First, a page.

Coppergate Contraflow: A Standard Design

As part of the response to the COVID-19 pandemic, the council introduced new restrictions to Coppergate in June 2020 in an attempt to increase available pavement space for pedestrians between Pavement Vaults and the Coppergate Centre using temporary barriers. As this restricted the width available the road was closed to east-bound motor traffic, as this was easiest to divert down Tower Street and back up Piccadilly.

As cyclists take up considerably less road space than motor traffic it wasn’t necessary to restrict their access, and any diversion via the inner ring road would have put cyclists in danger. As the temporary barriers pushed traffic into the centre of the road a series of light segation plastic wands were installed alongside All Saints Church.

The 18 month Temporary Traffic Order (TRO) that allowed the scheme comes to an end in December, but the council are currently consulting on whether parts of the changes should be retained.

The Coppergate pavement widening scheme when first installed

The principles behind the scheme were admirable, space for pedestrians along Coppergate was in high demand and short supply long before the pandemic with the pavement on the church side measuring only 1.4m in width.

However, the execution of the trial fell short and didn’t meet expectations, providing the much needed space..

The temporary barriers that were meant to increase space for pedestrians were installed hard against the kerb meaning that no extra space was provided and instead pedestrians were hemmed in. These barriers eventually disappeared during summer 2021.

The wanded section alongside the church led to even more confusion leading to potentially dangerous situations. Many pedestrians, through no fault of their own, took the wands as being to increase the width of the narrow pavement as is needed and were using it as such. At best this caused frustration as cyclists met pedestrians coming the other way, at worst it saw pedestrians stepping into the road unaware that cyclists were coming up right behind them. The wands were also prone to damage/vandalism with the orange section being removed leaving behind a discrete black base bolted to the road posing a trip/collision hazard to pedestrians and cyclists. Recently all the wands have been removed and replaced by a row of cones.

Drag the slider to compare the widths provided against the widths recommended

The above image shows how the scheme has reallocated road space at the narrowest part of Coppergate outside the church. The pavements are 1.4m wide on the nearest side to the picture and 1.9m on the far side of the road. The eastbound cycle lane (highlighted green) was 1.1m wide when the wands were in place, but has been further reduced due to the width of the cones. The west bound traffic lane (highlighted yellow) is 4.7m. Before the scheme the road was equally split 2.9m in both directions.

DfT guidance LTN 1/20 states that a cycle lane, including those that are contraflows (where a cycle lane goes against a one-way street), should ideally be at least 2.0m wide. This is nearly double the width that was provided.

If the eastbound cycle lane was increased to 2.0m it would make the westbound lane 3.8m wide, but LTN 1/20 also states that traffic lanes of between 3.2-3.9m in width are not acceptable due to the increased risk of close passes. Instead it recommends that when on a bus route they should be 3.2m wide. Dropping the lane to this width would give 0.6m of spare space that can be re-allocated to the narrow footpath alongside the church.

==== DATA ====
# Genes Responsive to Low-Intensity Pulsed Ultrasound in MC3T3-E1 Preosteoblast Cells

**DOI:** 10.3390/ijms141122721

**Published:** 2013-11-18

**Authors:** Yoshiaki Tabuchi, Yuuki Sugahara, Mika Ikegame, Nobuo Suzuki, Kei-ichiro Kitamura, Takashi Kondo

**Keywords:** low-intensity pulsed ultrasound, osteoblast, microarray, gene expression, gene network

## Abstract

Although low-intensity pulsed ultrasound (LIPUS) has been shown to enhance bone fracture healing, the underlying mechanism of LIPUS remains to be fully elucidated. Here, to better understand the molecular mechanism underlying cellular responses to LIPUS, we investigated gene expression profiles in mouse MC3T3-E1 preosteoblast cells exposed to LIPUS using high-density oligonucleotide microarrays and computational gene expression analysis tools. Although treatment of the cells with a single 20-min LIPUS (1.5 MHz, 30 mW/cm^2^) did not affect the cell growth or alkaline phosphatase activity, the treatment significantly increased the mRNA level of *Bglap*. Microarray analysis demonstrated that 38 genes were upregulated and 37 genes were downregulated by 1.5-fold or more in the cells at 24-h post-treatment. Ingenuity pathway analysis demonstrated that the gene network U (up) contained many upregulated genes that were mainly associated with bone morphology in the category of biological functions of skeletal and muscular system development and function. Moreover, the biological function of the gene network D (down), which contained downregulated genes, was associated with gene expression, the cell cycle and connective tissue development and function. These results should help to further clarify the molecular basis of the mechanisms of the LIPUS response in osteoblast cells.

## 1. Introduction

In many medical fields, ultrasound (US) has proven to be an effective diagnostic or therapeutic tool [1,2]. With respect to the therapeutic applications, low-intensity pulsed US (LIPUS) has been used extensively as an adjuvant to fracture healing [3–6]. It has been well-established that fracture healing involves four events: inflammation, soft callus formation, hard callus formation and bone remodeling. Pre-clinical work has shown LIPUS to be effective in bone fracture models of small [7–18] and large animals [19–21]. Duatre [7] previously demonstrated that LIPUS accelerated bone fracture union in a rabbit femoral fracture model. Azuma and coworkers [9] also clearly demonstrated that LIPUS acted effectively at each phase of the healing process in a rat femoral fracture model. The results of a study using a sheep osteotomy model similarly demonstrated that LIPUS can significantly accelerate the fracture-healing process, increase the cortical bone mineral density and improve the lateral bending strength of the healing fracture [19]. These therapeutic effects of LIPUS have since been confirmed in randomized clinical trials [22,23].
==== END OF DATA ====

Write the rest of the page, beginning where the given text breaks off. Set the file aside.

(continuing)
Drag the slider to compare the existing scheme and our proposal for a scheme following LTN 1/20

If the road space of Coppergate was reallocated following the guidance in LTN 1/20 the original aim of increasing available width for pedestrians could be achieved – the need for which remains even though social distancing restrictions have been relaxed. It will also have the benefit of providing safer provision for cyclists travelling into and through the city centre.

The above image shows how a permanent solution with increased footpath width might look. The contraflow is clearly marked with regular cycle symbols, and potentially a green surface colouring, to avoid unintentional conflict between pedestrians and cyclists over misunderstanding of the space. An island at the entrance to the street is advised to highlight the contraflow to oncoming traffic, and set back the right distance from the junction would protect waiting cyclists from buses making the wide left turn from Piccadilly.

The council’s consultation acknowledges that the scheme has seen reduced vehicle levels in this area of the city centre and improved the environment for cyclists, but suggests that it has had the knock on effect of buses having to use stops of poorer quality by the former Banana Warehouse on Piccadilly. As the Piccadily is currently subject to a significant master planning exercise, which includes improvements to the Piccadilly stops, poor quality bus stops shouldn’t be seen as a barrier to improving the wider environment but as a driving force to ensure quality improvements to bus stops are made in a timely manner.

York Cycle Campaign believes that by relooking at the original aims of the temporary scheme designing to national guidance for cycling, a better solution can be found that brings real benefits for all users of Coppergate. We encourage all our members and supporters to take part in the consultation and call on the council to try a more ambitious plan for a better city centre.

The consultation closes on Thursday 4th November.